A Penticton judge has ordered a key witness in a Summerland assault trial to fly from Toronto to give testimony instead of allowing them to testify via video.
The trial was delayed after the judge shot down Crown’s request to have one of the alleged victims testify remotely.
On Jan. 4, Penticton Court heard the Crown’s application to have a material witness testify remotely from Toronto, where he moved after the alleged incident in Summerland.
The trial of Landon James Mummery for two counts of assault and one count of uttering threats was originally scheduled to begin on Friday, Jan. 6. The incident allegedly took place in October of 2021.
Defence took issue with Crown’s request for the witness to testify over video. Defence argued a range of issues, including what they described as concerns with the witness’s credibility.
Among other concerns raised by the defence were the ability to properly cross-examine the witness, the ability to best observe his responses to questions and statements, and the ability to ensure that he is undistracted and secure.
Defence cited a case from Ontario where police officers were allowed to give evidence remotely through MS Teams, and at the same time were texting one another off-camera at the time that evidence was being given.
Crown noted in their application that were the victim required to testify in person, he would be forced to be away from work and his pets as well as take multiple flights to get to B.C.
Judge Shannon Keyes ended up agreeing with defence, including the fact that by doing it remotely would be difficult during cross-examination to ensure that the witness wasn’t checking their police statement or other documents off-camera. The judge added that the cost of travel alone was not enough of an exceptional circumstance to allow the remote testimony.
Following the application, Crown asked for the trial to be delayed in order to arrange travel for the witness.
According to the Crown, after the trial was scheduled in October and subpoenas issued, a first attempt to serve the witness at his previous residence in Kelowna was unsuccessful. It took until December to track him down in Toronto, and then police in Ontario were contacted to serve the subpoena. However, it was noted by the Judge that it was uncertain whether they had actually served the subpoena to the witness by Jan. 4.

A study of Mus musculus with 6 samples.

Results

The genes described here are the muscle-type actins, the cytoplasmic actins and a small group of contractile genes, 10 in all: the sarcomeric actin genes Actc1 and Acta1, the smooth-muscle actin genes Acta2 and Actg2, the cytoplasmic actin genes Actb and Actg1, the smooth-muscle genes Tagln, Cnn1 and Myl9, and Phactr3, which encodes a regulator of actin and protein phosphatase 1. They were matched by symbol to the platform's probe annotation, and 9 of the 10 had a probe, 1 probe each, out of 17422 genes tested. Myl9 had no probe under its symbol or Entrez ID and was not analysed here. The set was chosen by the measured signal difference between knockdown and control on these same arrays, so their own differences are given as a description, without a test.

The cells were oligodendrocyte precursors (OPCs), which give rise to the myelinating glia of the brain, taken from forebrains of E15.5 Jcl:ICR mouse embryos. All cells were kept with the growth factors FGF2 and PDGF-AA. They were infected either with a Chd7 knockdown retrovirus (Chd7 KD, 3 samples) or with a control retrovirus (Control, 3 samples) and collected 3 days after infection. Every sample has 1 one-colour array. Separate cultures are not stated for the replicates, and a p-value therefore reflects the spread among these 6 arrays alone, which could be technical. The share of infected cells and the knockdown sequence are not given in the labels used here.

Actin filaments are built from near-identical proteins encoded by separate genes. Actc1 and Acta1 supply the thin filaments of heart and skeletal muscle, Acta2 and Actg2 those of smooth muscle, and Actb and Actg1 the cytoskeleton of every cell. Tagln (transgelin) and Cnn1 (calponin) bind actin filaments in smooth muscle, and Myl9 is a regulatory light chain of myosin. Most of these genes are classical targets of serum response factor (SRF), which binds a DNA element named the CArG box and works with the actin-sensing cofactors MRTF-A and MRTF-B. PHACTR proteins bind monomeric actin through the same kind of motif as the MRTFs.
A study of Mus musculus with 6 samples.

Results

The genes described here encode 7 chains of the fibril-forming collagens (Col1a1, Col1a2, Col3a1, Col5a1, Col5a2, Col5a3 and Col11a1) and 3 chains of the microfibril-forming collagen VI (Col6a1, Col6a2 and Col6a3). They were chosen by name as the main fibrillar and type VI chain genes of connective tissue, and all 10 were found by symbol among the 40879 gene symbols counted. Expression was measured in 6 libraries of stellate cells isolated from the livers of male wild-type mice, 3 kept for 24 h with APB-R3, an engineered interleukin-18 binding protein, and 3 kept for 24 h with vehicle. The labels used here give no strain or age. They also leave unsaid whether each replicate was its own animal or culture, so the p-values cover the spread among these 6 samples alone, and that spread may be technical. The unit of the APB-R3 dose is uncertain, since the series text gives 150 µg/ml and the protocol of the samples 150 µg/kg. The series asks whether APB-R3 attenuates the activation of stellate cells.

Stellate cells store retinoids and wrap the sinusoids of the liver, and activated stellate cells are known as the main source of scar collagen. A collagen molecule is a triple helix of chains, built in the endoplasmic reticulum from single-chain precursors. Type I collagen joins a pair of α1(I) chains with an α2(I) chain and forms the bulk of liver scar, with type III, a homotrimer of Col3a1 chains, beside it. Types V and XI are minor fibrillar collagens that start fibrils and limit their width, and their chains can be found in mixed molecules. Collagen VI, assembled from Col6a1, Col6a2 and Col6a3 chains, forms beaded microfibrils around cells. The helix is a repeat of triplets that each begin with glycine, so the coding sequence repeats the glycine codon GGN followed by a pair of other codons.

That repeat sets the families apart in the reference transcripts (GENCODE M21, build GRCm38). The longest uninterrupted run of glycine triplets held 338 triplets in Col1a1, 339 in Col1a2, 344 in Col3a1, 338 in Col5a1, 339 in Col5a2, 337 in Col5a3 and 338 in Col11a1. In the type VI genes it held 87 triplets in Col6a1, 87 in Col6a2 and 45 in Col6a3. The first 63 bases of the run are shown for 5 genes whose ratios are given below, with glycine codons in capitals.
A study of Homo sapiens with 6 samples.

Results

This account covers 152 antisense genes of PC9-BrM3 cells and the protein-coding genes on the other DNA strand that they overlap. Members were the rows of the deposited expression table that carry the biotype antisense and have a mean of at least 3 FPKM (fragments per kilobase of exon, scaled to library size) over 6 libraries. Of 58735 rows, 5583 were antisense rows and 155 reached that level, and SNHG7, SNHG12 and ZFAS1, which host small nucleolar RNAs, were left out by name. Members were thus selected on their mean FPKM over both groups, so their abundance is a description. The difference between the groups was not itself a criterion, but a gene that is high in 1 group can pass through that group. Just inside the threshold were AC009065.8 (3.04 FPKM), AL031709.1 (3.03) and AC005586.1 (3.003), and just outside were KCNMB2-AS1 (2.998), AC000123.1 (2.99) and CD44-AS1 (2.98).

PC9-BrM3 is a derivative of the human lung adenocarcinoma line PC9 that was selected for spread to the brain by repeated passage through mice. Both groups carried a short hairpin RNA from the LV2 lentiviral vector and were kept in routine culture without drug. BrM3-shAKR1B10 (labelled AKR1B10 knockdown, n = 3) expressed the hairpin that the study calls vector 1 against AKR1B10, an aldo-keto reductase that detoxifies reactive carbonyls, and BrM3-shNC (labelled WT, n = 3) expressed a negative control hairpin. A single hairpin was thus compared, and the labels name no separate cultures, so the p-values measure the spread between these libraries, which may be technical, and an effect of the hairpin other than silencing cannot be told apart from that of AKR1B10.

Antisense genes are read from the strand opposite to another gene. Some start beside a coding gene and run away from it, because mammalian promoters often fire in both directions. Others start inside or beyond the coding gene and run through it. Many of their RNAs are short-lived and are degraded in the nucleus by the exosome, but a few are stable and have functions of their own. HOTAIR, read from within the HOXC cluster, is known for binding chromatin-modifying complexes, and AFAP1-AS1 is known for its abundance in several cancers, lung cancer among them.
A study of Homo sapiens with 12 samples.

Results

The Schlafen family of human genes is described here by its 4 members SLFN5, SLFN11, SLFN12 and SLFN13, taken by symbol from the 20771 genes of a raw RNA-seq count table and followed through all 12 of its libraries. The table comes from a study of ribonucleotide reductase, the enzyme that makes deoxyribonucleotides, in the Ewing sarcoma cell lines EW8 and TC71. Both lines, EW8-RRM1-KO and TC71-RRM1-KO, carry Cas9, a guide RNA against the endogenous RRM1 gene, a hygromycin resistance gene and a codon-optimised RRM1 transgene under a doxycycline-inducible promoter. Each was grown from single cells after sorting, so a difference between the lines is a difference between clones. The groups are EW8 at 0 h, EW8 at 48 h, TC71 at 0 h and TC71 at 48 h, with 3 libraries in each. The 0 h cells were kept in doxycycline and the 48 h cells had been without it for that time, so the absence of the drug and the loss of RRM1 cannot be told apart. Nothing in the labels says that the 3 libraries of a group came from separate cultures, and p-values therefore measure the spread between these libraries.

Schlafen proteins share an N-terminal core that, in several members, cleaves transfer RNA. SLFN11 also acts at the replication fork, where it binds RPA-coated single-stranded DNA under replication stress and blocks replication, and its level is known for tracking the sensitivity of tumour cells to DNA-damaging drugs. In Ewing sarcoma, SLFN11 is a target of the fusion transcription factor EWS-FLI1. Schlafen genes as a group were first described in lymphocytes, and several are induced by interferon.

Defence argued that delaying the case would be prejudicial to Mummery, and asked why a ticket could not be purchased to get him to Penticton by Friday’s trial. Defence also took issue with the delay between the subpoenas being issued at the end of October and the application on Jan. 4 for the remote testimony.
The judge deemed the importance of the witness, and Crown’s expression of his willingness to come and testify in person if given the time to arrange travel to grant the adjournment. The judge also directly addressed defence’s arguments over whether the conduct of the Crown and police had contributed to having to ask for the trial’s delay.
“It was suggested that this was negligent on the part of the Crown, that the delay was inordinate, but in my view it is not,” said Judge Keyes. “We’re talking a few weeks here of trying to get things organized over the major Christmas season.”
A new date for Mummery’s trial has not yet been announced.